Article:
With a legal fight challenge mounting from state governments over the Trump administration's use of a national emergency to construct at the U.S.-Mexico border, the president has kicked his push for the barrier into high gear.
On Wednesday, President Trump tweeted a time-lapse video of wall construction in New Mexico; the next day, he proclaimed that "THE WALL IS UNDER CONSTRUCTION RIGHT NOW"
But there's a big problem: The footage, which was filmed more than five months ago on Sep. 18, 2018, isn't really new wall construction at all, and certainly not part of the ongoing construction of "the wall" that Trump has been haggling with Congress over.
"It's a replacement project," Mike Petersen, public affairs director for the Army Corps of Engineers' South Pacific Division, told Task & Purpose. "I was in the division 12 years ago and we were doing border wall replacement work back then."
The footage shows work on the Santa Theresa Project Border Wall Replacement Project, a push to upgrade a 20-mile stretch of pre-existing vehicle barriers to bollard-style fence, Peterson told Task & Purpose.
Trump did get some details right: Construction began April 9, 2018, and ended on January 30, well ahead of the estimated 390 days Customs and Border Patrol anticipated when construction first began last year.
But even though the $73.3 million project was initiated under Executive Order 13767 on border security that Trump signed almost immediately after taking office in January 2017, the USACE Santa Theresa footage does not show ongoing construction, USACE officials said.
"The fence segment was constructed and funded under the authorities of DHS/CBP with the U.S. Army Corps of Engineers providing contracting/oversight for the construction through our interagency support mission," USACE HQ spokeswoman Raini Brunson told Task & Purpose. "The video, which was filmed in Sept. 2018, has the USACE logo on it because it was produced by USACE."
The Army Corps of Engineers has overseen CBP wall replacement projects including some 124 miles of replacement barriers authorized since Trump took office. As of January, a New York Times analysis indicated that not a single mile of new border wall has been erected along the U.S.-Mexico border wall.
But the way Trump presented the footage on Twitter rankled officials within USACE given that the work shown essentially constituted pre-approved repair work, a separate source told Task & Purpose on condition of anonymity, indicating that the president was passing off maintenance as new wall construction.
The Army Corps of Engineers could not immediately confirm where the request for the footage originated, and how exactly it ended up on the president's Twitter feed.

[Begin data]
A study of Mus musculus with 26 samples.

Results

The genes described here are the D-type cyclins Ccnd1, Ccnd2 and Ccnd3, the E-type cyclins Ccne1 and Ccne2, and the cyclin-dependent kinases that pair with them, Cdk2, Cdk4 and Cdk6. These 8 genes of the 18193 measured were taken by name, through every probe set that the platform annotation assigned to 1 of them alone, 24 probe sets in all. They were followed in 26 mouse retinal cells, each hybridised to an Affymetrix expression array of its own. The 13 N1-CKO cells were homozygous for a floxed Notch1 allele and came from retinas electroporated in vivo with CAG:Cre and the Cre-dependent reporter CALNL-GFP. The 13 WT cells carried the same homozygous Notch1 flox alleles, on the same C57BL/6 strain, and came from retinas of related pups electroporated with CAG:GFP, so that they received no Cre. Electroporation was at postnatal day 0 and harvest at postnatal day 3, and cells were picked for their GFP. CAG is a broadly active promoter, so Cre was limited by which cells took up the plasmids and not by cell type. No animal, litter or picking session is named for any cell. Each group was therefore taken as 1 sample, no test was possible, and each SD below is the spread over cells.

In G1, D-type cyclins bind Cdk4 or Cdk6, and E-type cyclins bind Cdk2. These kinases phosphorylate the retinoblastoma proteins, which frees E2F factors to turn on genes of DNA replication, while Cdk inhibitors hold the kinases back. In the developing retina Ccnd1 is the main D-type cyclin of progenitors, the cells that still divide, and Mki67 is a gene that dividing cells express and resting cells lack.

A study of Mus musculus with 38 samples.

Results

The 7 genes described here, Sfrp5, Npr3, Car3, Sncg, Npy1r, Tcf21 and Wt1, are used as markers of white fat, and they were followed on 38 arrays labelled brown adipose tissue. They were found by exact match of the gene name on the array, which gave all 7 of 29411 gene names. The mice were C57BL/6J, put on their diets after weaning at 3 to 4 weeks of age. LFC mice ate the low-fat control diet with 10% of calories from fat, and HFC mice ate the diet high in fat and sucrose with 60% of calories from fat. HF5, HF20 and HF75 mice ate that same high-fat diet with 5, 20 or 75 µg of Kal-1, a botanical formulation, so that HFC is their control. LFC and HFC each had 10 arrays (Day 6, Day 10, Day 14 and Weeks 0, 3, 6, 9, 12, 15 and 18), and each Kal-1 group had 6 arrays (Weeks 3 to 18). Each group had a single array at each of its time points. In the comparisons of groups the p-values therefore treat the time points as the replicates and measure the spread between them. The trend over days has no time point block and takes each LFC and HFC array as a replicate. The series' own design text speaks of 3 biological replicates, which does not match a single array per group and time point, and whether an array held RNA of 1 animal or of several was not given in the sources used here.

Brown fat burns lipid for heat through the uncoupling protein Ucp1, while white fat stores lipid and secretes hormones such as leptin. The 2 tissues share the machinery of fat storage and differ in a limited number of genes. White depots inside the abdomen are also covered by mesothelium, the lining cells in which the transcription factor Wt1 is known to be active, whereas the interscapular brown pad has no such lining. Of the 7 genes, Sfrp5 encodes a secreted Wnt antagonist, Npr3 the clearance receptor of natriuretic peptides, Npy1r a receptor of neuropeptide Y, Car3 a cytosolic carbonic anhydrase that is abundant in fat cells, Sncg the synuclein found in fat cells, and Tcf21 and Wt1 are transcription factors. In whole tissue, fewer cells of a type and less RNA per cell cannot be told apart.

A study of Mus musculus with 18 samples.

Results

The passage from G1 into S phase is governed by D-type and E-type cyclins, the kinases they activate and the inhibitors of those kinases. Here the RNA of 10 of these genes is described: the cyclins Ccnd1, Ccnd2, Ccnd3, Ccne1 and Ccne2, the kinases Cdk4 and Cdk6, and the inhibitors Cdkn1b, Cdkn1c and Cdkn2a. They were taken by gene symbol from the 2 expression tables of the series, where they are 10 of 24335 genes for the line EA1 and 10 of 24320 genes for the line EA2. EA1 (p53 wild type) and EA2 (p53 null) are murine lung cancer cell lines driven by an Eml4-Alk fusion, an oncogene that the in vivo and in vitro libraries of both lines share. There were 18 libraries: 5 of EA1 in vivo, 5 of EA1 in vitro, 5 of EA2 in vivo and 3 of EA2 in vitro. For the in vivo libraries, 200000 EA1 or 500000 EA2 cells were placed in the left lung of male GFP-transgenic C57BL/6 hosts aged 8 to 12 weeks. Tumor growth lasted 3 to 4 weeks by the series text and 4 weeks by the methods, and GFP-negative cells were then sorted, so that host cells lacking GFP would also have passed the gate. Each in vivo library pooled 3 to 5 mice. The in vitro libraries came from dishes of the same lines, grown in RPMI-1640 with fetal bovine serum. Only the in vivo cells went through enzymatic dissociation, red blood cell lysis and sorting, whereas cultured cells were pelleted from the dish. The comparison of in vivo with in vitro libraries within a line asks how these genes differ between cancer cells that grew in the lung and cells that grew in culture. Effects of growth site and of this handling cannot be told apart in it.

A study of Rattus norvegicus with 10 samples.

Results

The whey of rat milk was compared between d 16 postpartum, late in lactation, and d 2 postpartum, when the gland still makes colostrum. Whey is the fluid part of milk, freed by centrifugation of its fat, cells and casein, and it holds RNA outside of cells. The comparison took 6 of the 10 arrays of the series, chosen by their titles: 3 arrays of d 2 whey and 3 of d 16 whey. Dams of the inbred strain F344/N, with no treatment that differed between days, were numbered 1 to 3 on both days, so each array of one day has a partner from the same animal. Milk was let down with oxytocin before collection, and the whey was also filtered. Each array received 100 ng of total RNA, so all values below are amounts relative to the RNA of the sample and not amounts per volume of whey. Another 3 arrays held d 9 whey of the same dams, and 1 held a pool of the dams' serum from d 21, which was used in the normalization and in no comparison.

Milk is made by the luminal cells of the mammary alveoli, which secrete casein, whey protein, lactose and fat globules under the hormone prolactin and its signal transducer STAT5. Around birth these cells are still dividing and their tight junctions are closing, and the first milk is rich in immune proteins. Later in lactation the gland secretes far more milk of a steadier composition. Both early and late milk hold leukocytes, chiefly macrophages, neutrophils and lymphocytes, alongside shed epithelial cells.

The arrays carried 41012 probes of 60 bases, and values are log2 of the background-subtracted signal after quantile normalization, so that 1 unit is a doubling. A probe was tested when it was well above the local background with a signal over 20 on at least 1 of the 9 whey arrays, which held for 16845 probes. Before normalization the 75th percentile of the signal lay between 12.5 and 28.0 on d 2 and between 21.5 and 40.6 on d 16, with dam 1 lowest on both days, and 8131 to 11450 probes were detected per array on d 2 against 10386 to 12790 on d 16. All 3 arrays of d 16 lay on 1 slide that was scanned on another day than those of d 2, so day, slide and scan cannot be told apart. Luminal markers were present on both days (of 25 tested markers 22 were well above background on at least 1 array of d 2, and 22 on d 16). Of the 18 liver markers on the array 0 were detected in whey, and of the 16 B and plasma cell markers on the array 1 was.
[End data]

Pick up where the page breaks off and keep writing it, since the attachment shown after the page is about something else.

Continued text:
SEE ALSO: Trump: $6.1 Billion In Pentagon Money Going To Border Wall Wasn't For Anything That Seemed 'Too Important To Me'
WATCH NEXT: A Border Wall Time-Lapse
New London — Retired four-star general John Kelly said that as President Donald Trump's chief of staff, he pushed back against the proposal to deploy U.S. troops to the southern border, arguing at the time that active-duty U.S. military personnel typically don't deploy or operate domestically.
"We don't like it," Kelly said in remarks at the Coast Guard Academy on Thursday night. "We see that as someone else's job meaning law enforcement."
These 'kamikaze' drones are believed to be the culprits of the attacks on 2 Saudi oil fields. Here's what we know about them
Editor's Note: This article originally appeared on Business Insider.
Yemen's Houthi rebel group, part of a regional network of militants backed by Iran, claims to be behind the drone strikes on two Saudi oil facilities that have the potential to disrupt global oil supplies.
A report from the United Nations Security Council published in January suggests that Houthi forces have obtained more powerful drone weaponry than what was previously available to them, and that the newer drones have the capability to travel greater distances and inflict more harm.
The U.S. Air Force has selected two companies to make an extreme cold-weather boot for pilots as part of a long-term effort to better protect aviators from frostbite in emergencies.
In August the service awarded a contract worth up to $4.75 million to be split between Propel LLC and the Belleville Boot Company for boots designed keep pilots' feet warm in temperatures as low as -20 Fahrenheit without the bulk of existing extreme cold weather boots, according to Debra McLean, acquisition program manager for Clothing & Textiles Domain at Air Force Life Cycle Management Command's Agile Combat Support/Human Systems Division.
DUBAI (Reuters) - Iran rejected accusations by the United States that it was behind attacks on Saudi oil plants that risk disrupting world energy supplies and warned on Sunday that U.S. bases and aircraft carriers in the region were in range of its missiles.
Yemen's Houthi group claimed responsibility for Saturday's attacks that knocked out more than half of Saudi oil output or more than 5% of global supply, but U.S. Secretary of State Mike Pompeo said the assault was the work of Iran, a Houthi ally.
Nearly a decade after he allegedly murdered an unarmed Afghan civilian during a 2010 deployment, the case of Army Maj. Matthew Golsteyn is finally going to trial.